WASHINGTON - Ruling Republicans on the politically polarized House Education and the Workforce Committee veered May 26 between criticizing unions' corporate campaigns and bashing the top enforcement official of the National Labor Relations Board for saying Boeing broke labor law by moving an airplane assembly line to South Carolina in retaliation for past problems with the Machinists.
The panel, one of the most contentious on Capitol Hill, originally called the hearing to let anti-union interests, including a representative from the Associated Builders and Contractors, scream about unions' corporate campaigns. But it switched back and forth between that and the NLRB complaint against Boeing.
Unions increasingly use corporate campaigns to shine light on employers' workplace abuses, alert the wider community to them, and to push for company neutrality agreements during organizing drives, thus lessening the corporate virulence and law-breaking unionists encounter in run-ups to NLRB-run elections.
The GOP and the corporate witnesses, including management-side lawyer Jonathan Fritts of Morgan Lewis, decried the corporate campaigns and their public focus on employers. They particularly criticized the Service Employees and the Carpenters. One witness, from Indiana, even claimed he wrote a book on the topic.
The GOP-run committee did not invite any union or NLRB witnesses. The only witness it permitted the minority Democrats was UC-Irvine law professor Catherine Fisk, author of several definitive books on labor law and corporate campaigning. She gave a spirited defense of both the corporate campaigns and unions' rights under the 1st amendment to the U.S. Constitution and its free speech guarantees.
The constitutional guarantees also figured in the squabble about Boeing.
In early May, NLRB Acting General Counsel Lafe Solomon said he would bring charges against the airplane maker for breaking labor law by establishing an assembly line for its 787 Dreamliner passenger plane in anti-union South Carolina, strictly because of past conflicts with the Machinists in the Pacific Northwest.
Solomon cited public statements by company officials, from the CEO on down, saying the Dreamliner production would be in North Charleston, S.C., not Everett, Wash., or - for parts - Portland, Ore., because of past strikes by Machinists District 751. Federal labor law protects workers' right to speech and self-help, including strikes.
That's illegal retaliation against workers exercising their labor law rights, Solomon said. An NLRB administrative law judge will hear the case on June 14.
Since Solomon's announcement, the GOP has jumped on the NLRB and the stampede continued at the May 26 hearing. The committee's GOP majority demanded that Solomon turn over all internal work products - memos, discussions of labor law, etc. - between his office, the NLRB's Seattle district and the parties in the case.
Even the pro-management lawyer, Fritts, told lawmakers that such a massive demand for privileged lawyer-client documents is not right in almost all cases.
Southerners - all Republicans - on the committee defended Boeing's construction of the assembly line in the right-to-work state of South Carolina as a business decision. They also claimed the Machinists waived the right to bargain over location of the assembly line.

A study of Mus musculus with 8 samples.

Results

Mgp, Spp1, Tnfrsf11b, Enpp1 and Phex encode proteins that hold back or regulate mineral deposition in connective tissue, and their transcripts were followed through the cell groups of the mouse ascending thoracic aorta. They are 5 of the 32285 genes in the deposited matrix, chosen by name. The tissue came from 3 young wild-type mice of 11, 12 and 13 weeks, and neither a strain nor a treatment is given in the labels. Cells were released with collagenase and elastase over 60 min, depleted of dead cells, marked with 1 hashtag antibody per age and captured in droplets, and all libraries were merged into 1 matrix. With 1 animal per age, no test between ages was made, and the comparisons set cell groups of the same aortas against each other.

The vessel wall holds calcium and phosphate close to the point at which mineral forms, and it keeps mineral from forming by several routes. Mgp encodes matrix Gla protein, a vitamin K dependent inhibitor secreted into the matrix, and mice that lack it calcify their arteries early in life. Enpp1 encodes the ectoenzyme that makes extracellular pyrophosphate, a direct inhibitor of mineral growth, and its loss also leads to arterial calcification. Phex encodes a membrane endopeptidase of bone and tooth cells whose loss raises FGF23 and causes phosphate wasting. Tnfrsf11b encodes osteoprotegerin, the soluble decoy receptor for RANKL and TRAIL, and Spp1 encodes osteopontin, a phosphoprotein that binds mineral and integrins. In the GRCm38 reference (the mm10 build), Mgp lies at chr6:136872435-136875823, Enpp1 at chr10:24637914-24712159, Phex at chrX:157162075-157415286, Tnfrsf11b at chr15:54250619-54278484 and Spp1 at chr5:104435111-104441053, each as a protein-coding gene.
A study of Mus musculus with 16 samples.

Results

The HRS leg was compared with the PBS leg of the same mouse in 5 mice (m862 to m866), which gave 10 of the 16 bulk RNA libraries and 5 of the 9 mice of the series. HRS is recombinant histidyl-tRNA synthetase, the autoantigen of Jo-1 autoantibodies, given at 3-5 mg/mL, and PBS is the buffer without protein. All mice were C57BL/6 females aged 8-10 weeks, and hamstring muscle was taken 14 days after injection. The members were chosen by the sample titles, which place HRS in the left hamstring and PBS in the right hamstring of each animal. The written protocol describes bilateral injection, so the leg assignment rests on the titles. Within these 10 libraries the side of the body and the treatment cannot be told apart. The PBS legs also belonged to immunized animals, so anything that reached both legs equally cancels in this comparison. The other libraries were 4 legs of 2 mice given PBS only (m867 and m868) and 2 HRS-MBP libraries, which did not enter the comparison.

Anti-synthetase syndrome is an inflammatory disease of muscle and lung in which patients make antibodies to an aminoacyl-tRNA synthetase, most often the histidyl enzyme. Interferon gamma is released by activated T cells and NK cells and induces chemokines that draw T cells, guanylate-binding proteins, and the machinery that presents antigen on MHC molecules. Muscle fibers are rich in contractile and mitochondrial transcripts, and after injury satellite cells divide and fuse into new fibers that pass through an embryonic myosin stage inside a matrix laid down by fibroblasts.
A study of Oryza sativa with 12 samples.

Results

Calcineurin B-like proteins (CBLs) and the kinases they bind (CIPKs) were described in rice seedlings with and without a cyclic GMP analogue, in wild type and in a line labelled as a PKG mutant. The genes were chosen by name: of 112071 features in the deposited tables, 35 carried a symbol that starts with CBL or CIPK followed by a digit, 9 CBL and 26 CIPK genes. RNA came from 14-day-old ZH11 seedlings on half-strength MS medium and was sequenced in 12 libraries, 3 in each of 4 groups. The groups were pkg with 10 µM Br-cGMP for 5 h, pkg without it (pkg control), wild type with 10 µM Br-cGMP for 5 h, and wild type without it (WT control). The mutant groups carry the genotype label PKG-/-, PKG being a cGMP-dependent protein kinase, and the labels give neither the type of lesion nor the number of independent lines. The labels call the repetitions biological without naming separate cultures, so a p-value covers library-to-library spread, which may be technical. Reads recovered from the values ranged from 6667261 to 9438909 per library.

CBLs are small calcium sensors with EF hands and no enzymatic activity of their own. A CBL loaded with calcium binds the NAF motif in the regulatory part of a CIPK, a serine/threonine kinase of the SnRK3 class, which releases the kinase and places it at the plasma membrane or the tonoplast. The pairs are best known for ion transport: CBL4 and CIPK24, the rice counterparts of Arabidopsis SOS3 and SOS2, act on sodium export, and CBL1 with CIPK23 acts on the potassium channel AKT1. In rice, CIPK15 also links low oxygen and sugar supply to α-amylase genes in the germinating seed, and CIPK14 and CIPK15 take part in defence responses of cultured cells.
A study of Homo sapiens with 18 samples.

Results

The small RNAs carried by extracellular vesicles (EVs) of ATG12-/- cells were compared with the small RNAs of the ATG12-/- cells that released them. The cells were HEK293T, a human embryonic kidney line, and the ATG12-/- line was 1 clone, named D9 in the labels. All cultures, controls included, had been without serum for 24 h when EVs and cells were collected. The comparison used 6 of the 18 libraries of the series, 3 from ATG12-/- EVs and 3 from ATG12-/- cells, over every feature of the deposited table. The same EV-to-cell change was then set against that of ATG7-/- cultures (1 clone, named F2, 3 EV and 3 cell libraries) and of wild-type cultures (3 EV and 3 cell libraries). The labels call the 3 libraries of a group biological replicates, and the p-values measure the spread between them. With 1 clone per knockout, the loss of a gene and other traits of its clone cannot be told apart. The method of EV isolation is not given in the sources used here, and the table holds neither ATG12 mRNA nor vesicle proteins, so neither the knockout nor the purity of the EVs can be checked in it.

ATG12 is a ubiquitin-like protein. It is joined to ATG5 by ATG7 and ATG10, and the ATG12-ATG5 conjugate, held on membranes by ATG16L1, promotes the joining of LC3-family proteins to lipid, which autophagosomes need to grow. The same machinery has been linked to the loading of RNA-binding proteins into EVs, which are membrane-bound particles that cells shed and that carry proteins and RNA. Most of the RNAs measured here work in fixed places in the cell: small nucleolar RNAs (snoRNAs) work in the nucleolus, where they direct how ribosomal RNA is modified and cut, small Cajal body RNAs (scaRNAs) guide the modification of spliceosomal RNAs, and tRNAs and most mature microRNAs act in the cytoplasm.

"It's common for collective bargaining agreements to give an employer the right to make business decisions," Fisk replied. "But it cannot waive employees' Section 7 rights" under labor law to collectively bargain, to strike and to free speech, she said. Retaliation for striking, and for free speech, is at the heart of Solomon's charges.
The Machinists were not invited to testify, either. But the union distributed a statement by union General Counsel Chris Corson noting that when Boeing was charged with labor law breaking, "Boeing hit a new low when it responded by attacking the agency that is enforcing the law," the NLRB.
"Boeing is not above the law when it comes to the right of workers to collectively bargain. Yet since the complaint, Boeing has attacked the NLRB not on the real facts, but with a political and media barrage in an attempt to deflect" criticism, Corson said.
Pro-union Democrats said the demand for all of NLRB's work products in the Boeing case chills free speech and unduly interferes in a judicial proceeding. "The question is whether or not the rule of law can prevail when it comes to the insistence of corporate interests to have their way - regardless of what the law actually is," said Rep. Dennis Kucinich, D-Ohio. "Boeing located its new plant in South Carolina because the Machinists had gone on strike. What Boeing overlooked is that that's retaliation."
Fritts also admitted "the ultimate issue is whether Boeing made this decision" to build the Dreamliner in South Carolina "because of that" conflict with the International Association of Machinists and Aerospace Workers. And IAM's Corson also took a shot at the GOP's demands for all the NLRB's work documents. "Political intervention in law enforcement is inappropriate. Boeing should not be allowed to operate by rules of their own, at the expense of the rule of law and the American worker," his statement concluded.